A concussion is a common type of brain injury most often caused by a direct blow to the head, causing temporary brain malfunction that can cause a wide range of symptoms depending on the severity of the condition. When the head is hit unexpectedly, the brain can move and hit the skull, affecting memory, judgment, reflexes, speech, balance and coordination.
Patients with a concussion may experience:
These symptoms can vary depending on the individual patient, and can last for days or even weeks. Some people may not even be aware that they have a concussion, or may not develop symptoms until several hours or days after the injury.
Diagnosing a concussion is a straightforward procedure, but doctors are more concerned with the severity of the condition and if any internal bleeding or swelling has occurred. A series of tests may be performed to evaluate the patient's memory, vision, hearing and balance.
Treatment for a concussion usually focuses on relieving symptoms and allowing patients to return to their regular activities through rest and Tylenol. It is important to make sure you are fully recovered before resuming sports and other physical activity, as you are at a higher risk of developing a second concussion at this time. You can reduce your risk of a concussion by practicing safety at all times, including wearing a seatbelt in the car, wearing a helmet during certain activities and wearing appropriate shoes to prevent falls.
A traumatic brain injury (TBI) involves a severe blow or injury to the head that results in brain damage. While not all head injuries result in brain damage, those that do can bruise the brain, tear nerve fibers or cause internal bleeding. Most TBIs occur as a result of a fall, motor vehicle accident, direct blow or assault.
The symptoms of a traumatic brain injury may be subtle, and may not appear until days or weeks after the injury has occurred. Some of the most common symptoms of a TBI include:
It is important for patients to seek medical attention if these symptoms become apparent so that prompt treatment can be performed and permanent damage can be minimized.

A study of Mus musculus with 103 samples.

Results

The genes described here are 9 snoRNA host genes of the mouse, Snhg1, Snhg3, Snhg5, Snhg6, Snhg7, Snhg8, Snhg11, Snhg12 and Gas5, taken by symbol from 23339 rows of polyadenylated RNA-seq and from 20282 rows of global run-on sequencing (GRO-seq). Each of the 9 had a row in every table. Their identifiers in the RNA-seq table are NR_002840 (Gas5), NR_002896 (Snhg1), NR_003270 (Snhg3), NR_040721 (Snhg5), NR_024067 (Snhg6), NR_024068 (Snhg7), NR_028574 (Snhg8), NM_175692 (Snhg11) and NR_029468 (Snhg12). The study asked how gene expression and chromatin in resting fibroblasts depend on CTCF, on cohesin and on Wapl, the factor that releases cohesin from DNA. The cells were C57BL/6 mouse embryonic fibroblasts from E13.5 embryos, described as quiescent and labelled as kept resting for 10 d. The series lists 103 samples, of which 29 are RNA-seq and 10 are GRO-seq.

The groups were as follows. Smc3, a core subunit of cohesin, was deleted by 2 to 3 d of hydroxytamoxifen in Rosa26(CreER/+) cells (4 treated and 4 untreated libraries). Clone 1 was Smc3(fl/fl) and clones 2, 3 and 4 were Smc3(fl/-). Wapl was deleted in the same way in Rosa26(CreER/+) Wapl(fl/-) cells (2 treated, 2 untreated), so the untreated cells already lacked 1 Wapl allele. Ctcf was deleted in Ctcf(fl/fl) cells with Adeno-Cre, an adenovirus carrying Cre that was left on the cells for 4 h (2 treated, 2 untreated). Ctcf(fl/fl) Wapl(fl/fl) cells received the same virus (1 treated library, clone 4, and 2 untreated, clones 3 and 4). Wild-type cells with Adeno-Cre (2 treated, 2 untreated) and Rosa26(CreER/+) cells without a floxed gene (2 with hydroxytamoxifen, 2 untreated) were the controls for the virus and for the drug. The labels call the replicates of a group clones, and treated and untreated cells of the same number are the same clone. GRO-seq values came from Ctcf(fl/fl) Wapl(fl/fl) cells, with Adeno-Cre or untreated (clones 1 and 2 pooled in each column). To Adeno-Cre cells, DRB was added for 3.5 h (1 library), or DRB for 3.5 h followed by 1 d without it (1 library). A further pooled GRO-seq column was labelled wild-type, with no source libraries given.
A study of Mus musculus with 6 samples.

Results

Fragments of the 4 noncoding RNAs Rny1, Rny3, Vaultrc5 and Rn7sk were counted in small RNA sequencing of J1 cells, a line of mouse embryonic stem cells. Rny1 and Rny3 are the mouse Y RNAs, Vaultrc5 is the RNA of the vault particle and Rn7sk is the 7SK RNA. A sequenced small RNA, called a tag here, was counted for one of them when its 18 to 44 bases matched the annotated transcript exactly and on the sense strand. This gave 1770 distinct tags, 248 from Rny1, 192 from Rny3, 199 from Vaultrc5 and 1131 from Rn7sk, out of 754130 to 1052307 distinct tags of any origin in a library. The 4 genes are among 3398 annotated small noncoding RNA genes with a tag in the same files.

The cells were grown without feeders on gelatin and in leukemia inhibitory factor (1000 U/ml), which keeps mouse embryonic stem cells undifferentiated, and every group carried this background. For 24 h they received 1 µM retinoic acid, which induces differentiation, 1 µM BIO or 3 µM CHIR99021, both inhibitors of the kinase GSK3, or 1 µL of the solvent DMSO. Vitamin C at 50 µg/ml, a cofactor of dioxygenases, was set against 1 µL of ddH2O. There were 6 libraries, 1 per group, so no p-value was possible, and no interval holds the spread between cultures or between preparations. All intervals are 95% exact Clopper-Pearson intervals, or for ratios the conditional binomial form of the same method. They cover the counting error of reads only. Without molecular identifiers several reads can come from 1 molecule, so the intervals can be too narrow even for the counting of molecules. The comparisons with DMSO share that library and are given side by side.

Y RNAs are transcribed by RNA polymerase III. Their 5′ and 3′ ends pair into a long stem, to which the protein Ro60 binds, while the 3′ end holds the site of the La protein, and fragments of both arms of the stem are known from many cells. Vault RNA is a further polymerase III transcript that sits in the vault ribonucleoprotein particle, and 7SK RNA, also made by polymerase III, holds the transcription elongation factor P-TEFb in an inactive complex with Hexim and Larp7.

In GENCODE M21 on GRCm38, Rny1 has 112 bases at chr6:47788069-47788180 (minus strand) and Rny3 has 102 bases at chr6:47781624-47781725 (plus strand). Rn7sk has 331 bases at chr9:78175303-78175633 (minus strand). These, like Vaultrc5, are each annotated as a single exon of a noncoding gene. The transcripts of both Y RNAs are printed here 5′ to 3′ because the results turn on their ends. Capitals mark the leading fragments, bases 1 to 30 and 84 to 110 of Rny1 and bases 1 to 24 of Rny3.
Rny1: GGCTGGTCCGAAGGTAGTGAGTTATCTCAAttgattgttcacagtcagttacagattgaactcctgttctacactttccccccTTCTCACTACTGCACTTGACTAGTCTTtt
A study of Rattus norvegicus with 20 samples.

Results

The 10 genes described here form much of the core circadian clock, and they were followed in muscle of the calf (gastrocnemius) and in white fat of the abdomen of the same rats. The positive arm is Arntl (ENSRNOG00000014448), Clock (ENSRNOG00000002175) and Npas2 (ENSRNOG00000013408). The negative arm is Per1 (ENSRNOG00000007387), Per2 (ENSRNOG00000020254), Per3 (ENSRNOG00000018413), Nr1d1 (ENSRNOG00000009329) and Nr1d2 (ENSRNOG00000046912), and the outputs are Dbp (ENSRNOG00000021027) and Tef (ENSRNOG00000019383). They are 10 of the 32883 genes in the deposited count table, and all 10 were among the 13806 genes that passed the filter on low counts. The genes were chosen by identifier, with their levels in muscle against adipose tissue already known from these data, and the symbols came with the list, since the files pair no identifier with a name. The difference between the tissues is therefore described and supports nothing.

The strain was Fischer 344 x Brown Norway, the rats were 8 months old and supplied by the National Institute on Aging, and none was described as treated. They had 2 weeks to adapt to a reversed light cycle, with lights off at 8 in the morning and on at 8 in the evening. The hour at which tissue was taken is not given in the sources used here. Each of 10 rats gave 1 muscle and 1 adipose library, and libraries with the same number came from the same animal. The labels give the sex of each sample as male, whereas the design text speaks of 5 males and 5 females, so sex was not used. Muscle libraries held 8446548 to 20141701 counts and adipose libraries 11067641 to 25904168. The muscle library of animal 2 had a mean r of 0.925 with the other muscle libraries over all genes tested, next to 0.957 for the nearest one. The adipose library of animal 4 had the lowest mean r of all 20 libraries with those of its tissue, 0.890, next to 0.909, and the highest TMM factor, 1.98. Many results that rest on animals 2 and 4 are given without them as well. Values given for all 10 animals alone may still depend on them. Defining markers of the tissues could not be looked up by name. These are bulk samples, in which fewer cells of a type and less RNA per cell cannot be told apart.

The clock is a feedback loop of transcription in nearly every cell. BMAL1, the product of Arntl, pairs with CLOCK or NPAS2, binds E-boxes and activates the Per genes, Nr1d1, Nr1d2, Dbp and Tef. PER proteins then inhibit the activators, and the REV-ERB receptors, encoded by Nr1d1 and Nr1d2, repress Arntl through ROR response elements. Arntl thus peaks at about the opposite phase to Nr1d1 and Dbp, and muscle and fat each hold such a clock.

Treatment for a traumatic brain injury depends on the severity of the injury, but may simply involving resting and taking over-the-counter pain relievers to treat mild symptoms. Patients with more severe injuries may require emergency care to minimize the risk of permanent brain damage. Pressure in the brain tends to increase after a brain injury, which can cause damage as certain structures expand within a confined space.
Depending on the extent of your injury, your doctor may prescribe medications such as diuretics, anti-seizure drugs or coma-inducing drugs to relieve pressure on the brain and allow swelling to reduce. Surgery may be required in some cases to remove blood clots trapped in the skull, repair skull fractures or, in severe cases, create an opening in the skull to relieve pressure when all other methods have failed.
Most patients will require rehabilitation after a traumatic brain injury, which may include learning how to walk or talk again, as well as regaining other lost skills. Rehabilitation aims to help patients restore their abilities to function at home and in their community.
In many cases, significant brain damage cannot be reversed and will dramatically affect a person's life. A strong support system can help patients cope with these changes physically, cognitively and emotionally.